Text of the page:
Today the Brennan Center for Justice at NYU Law announced the formation of the Historians Council on the Constitution, a group of historians who will work with Brennan Center attorneys to counter the U.S. Supreme Court’s misuses and mischaracterizations of history to decide major constitutional issues.
“The Supreme Court is increasingly relying on what it calls ‘history’ to make key constitutional decisions. But the Court’s sole reliance on the past distorts how we read the Constitution and govern our country. And too often the history is simply wrong or misleading. We created the Historians Council to stem the tide that the Supreme Court has unleashed and to reverse it,” said Thomas Wolf, organizer of the Historians Council and deputy director of the Democracy Program at the Brennan Center. “We’ll correct the record when bad history emerges, but our bigger aim is to change the conversation about how history matters to the law.”
The council includes eighteen nationally renowned scholars in legal history and the Constitution, with expertise ranging from the Founding Era to the Civil Rights Era. The members represent many of the country’s leading institutions and have won the Bancroft Prize, the Guggenheim Foundation Fellowship, the MacArthur Fellowship, the Pulitzer Prize, and other high honors in their field.
The council will use amicus briefs, the media, public events, and scholarship to separate historical fact from fiction and push the legal world to adopt more responsible approaches to the historical record. Its members are:
As one example of the council’s work, three of its historians wrote an amicus brief that the Brennan Center filed on their behalf in Relentless v. Department of Commerce, which the Supreme Court is hearing today. The historians challenged the notion that the Court should be relying on history at all to decide the important questions before it and explained the true history of the relationship between federal agencies and federal courts.
The council will tackle various constitutional issues that the Supreme Court is facing or will face soon, such as whether a president has immunity from criminal prosecution, whether the country may use race-conscious remedies for longstanding racial discrimination, and what powers the people have to ensure their right to vote.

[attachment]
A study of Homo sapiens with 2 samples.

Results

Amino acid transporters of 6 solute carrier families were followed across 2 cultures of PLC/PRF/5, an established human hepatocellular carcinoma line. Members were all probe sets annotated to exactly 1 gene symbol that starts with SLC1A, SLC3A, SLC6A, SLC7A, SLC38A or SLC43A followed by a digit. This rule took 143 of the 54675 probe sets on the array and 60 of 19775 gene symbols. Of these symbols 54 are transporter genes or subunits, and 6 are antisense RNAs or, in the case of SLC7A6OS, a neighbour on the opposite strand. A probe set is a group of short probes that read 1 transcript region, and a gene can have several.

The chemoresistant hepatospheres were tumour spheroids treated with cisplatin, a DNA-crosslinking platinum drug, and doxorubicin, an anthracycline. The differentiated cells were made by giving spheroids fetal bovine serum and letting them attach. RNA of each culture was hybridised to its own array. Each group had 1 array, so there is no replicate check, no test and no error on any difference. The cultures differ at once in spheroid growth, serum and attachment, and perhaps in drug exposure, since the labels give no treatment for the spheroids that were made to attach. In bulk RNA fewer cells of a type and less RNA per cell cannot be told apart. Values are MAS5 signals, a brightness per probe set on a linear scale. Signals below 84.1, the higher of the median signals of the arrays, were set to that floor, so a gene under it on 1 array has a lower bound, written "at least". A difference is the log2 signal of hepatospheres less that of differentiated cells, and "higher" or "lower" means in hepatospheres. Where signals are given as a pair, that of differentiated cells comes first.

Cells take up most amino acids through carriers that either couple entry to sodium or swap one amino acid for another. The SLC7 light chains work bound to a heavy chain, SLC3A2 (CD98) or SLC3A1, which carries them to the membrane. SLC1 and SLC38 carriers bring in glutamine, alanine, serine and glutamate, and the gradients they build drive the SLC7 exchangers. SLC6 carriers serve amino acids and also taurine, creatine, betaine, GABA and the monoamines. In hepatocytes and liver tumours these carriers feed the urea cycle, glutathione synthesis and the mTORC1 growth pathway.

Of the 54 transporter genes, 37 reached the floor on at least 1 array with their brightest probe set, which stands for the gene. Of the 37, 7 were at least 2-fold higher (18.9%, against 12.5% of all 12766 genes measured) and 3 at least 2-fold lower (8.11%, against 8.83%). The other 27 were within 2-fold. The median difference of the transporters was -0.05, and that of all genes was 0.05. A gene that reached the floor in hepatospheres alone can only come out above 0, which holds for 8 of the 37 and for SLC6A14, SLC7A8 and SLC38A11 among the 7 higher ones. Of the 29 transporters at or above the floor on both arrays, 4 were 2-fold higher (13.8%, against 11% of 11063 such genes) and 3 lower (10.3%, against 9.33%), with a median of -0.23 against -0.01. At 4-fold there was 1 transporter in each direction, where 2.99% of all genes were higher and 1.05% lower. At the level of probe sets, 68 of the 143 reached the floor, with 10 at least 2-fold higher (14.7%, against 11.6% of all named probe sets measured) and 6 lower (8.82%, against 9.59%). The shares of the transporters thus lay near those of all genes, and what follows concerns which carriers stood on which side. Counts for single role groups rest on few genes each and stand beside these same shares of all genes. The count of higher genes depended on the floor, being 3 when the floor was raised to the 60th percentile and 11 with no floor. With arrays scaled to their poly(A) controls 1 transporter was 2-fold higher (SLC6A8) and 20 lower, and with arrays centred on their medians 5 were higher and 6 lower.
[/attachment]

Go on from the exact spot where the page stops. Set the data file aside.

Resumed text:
Reactions from members of the council:
“Arguably more than ever, the United States Supreme Court is turning to history to interpret the Constitution’s meaning and resolve major controversies arising under it. Yet the Court often does violence to the very past it appeals to for authority. More than ever, we need to hear from those who know how to accurately recover the legal past on its own terms.” — Jonathan Gienapp, Associate Professor of History, Stanford University
“As courts increasingly rely on accounts of the past to justify their decisions, the scholarship of professional historians has become important in new ways. Yet it often seems historians and the courts are operating in completely different realms. Enter the Brennan Center’s Historians Council. I’m honored to be part of a group that will spread the word about what historians do and build bridges between historians and the legal profession.” — Kate Masur, Professor of History, Northwestern University
“Now, more than ever, the Supreme Court is turning to history to try to figure out some of the most important questions facing our country. What are our rights? What should the role of government be? As historians, our goal is to use our training and expertise to cut through the loudest partisan and ideological voices in the public square to present the relevant history of the founding era and beyond.” — Gautham Rao, Associate Professor of History, American University
“At this fraught moment in our national history, Americans need informed knowledge of how and why different clauses of the Constitution made their way into the text. It is not enough to play language games with the spare wording of the Constitution. We also need to know why the framers of the original document and its crucial amendments acted as they did. Historians now have both an opportunity and indeed a civic responsibility to elevate our public debate, to identify when the decisions of public institutions — notably including the rulings of the Supreme Court — rest on problematic or flawed interpretations of the historical past that should unite us. That is the true mission of the new Historians’ Council on the Constitution, which I am delighted to join.” — Jack Rakove, Professor of History and Political Science, Emeritus, Stanford University
More information about the council and its members is here.